While open to change, budgets are an excellent way to anticipate costs and reduce the risk of overspending. However, there may come a time when it’s necessary to cut down on the budget, whether due to reduced income or to meet the goal of becoming more profitable.
Wages and benefits
You need employees and they need benefits. However, this is most likely the most expensive line item in your budget. There are a number of ways to reduce costs in this category. If you currently have a full staff, look at the American Bar Association’s annual salary list to see if what you’re offering is in line with industry and regional standards or if your salaries are too high.
For administrative positions, consider bringing on independent contractors or part-time employees for new hires. This move can right-size your organization and avoid thousands of dollars in wages and benefits.
Overhead is a big category, encompassing rent/mortgage, utilities, office expenses, equipment, and other ongoing expenses. Overhead is likely your second biggest expense. One of the easiest ways to reduce overhead is to transition to a more permanent work-from-home arrangement for your employees.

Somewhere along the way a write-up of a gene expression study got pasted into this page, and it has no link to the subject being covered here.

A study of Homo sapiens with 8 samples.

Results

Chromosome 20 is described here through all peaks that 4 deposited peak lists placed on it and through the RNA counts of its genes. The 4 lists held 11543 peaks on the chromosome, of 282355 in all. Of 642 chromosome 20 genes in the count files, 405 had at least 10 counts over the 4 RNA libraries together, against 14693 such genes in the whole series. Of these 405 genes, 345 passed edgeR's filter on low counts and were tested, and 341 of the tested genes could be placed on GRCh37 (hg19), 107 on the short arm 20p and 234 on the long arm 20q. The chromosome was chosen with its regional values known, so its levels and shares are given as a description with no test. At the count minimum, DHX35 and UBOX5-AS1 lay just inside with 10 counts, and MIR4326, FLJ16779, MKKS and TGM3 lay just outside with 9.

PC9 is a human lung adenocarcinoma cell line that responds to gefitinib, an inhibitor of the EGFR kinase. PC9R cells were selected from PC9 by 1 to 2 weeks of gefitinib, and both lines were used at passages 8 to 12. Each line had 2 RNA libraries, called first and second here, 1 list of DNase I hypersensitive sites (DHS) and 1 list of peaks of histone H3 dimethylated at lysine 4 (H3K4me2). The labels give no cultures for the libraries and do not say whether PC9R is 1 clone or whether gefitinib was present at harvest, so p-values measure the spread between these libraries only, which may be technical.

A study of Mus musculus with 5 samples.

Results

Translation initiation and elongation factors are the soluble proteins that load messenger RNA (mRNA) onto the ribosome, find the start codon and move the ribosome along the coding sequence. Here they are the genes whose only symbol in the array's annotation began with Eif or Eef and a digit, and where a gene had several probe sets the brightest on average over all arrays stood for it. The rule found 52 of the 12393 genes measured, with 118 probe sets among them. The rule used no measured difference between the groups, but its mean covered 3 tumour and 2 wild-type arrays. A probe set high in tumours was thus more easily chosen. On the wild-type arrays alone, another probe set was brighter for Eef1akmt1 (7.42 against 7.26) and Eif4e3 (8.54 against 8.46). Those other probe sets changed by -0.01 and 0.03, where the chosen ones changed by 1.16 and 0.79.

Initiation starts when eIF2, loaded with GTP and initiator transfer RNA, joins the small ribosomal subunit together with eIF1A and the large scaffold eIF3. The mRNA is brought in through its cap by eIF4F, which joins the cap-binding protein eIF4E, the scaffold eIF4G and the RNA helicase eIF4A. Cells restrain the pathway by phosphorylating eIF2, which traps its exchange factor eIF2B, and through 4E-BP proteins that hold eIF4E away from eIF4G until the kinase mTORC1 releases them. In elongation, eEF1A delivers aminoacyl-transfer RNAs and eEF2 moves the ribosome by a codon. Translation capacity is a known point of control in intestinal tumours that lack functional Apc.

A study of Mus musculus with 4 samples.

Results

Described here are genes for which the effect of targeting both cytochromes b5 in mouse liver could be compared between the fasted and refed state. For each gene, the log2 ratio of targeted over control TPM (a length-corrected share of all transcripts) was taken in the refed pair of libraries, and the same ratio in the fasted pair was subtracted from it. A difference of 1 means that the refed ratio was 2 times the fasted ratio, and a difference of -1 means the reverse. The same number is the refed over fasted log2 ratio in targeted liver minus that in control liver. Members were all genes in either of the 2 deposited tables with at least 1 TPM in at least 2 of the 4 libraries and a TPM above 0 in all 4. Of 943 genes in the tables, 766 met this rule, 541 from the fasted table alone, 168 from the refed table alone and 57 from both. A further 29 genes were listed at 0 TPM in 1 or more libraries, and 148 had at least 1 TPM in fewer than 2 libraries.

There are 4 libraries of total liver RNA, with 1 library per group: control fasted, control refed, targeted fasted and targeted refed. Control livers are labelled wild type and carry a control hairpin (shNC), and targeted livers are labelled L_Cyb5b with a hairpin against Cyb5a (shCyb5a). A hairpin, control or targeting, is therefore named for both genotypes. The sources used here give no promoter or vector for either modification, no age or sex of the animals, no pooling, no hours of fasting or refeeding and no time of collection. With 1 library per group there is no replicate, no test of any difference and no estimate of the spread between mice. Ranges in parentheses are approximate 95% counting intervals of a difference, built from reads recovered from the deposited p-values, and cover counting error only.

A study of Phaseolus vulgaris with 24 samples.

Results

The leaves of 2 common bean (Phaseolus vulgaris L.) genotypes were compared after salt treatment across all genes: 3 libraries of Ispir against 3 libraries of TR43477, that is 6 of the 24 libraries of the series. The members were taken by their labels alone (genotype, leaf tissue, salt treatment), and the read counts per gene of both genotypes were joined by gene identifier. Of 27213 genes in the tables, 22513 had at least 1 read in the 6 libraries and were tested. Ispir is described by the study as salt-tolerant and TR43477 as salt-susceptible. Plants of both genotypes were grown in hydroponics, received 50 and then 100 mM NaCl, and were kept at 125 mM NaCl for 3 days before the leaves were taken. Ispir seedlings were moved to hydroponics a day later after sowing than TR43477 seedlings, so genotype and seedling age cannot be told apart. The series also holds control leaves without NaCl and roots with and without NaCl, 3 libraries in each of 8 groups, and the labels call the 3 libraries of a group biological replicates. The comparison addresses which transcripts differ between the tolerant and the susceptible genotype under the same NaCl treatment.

Even if you need to maintain a smaller meeting space for client meetings and other face-to-face activities, you’ll save big dollars moving to a smaller office with less cost in utilities.
Professional associations and memberships
Is your team getting the most out of the professional memberships and associations that your firm provides access to? It’s often assumed that law firms pay bar membership fees and other professional development costs like CLE. It’s a valuable perk to offer. However, if you’re truly looking to pinch pennies to stay afloat, this can be an area that warrants consideration.
Marketing and advertising
Marketing and advertising are essential for business development. Without these services, it can be a struggle to generate leads, interest, and brand recognition. However, not all marketing and advertising is equal. If you’re marketing without a strategy, you’re throwing money down the drain. Focus on the strategies and tactics that are most likely to deliver a return on your investment.
These vary by practice area and region. If you’re an agriculture law attorney in Oklahoma, you likely don’t need a SnapChat account, but a strong outreach program could deliver big results. If you’re an attorney specializing in international intellectual property, face-to-face time might not be important but an effective email marketing program could help you meet your goals.
In short, save money on marketing by doing what makes sense for you, not what everyone else is doing.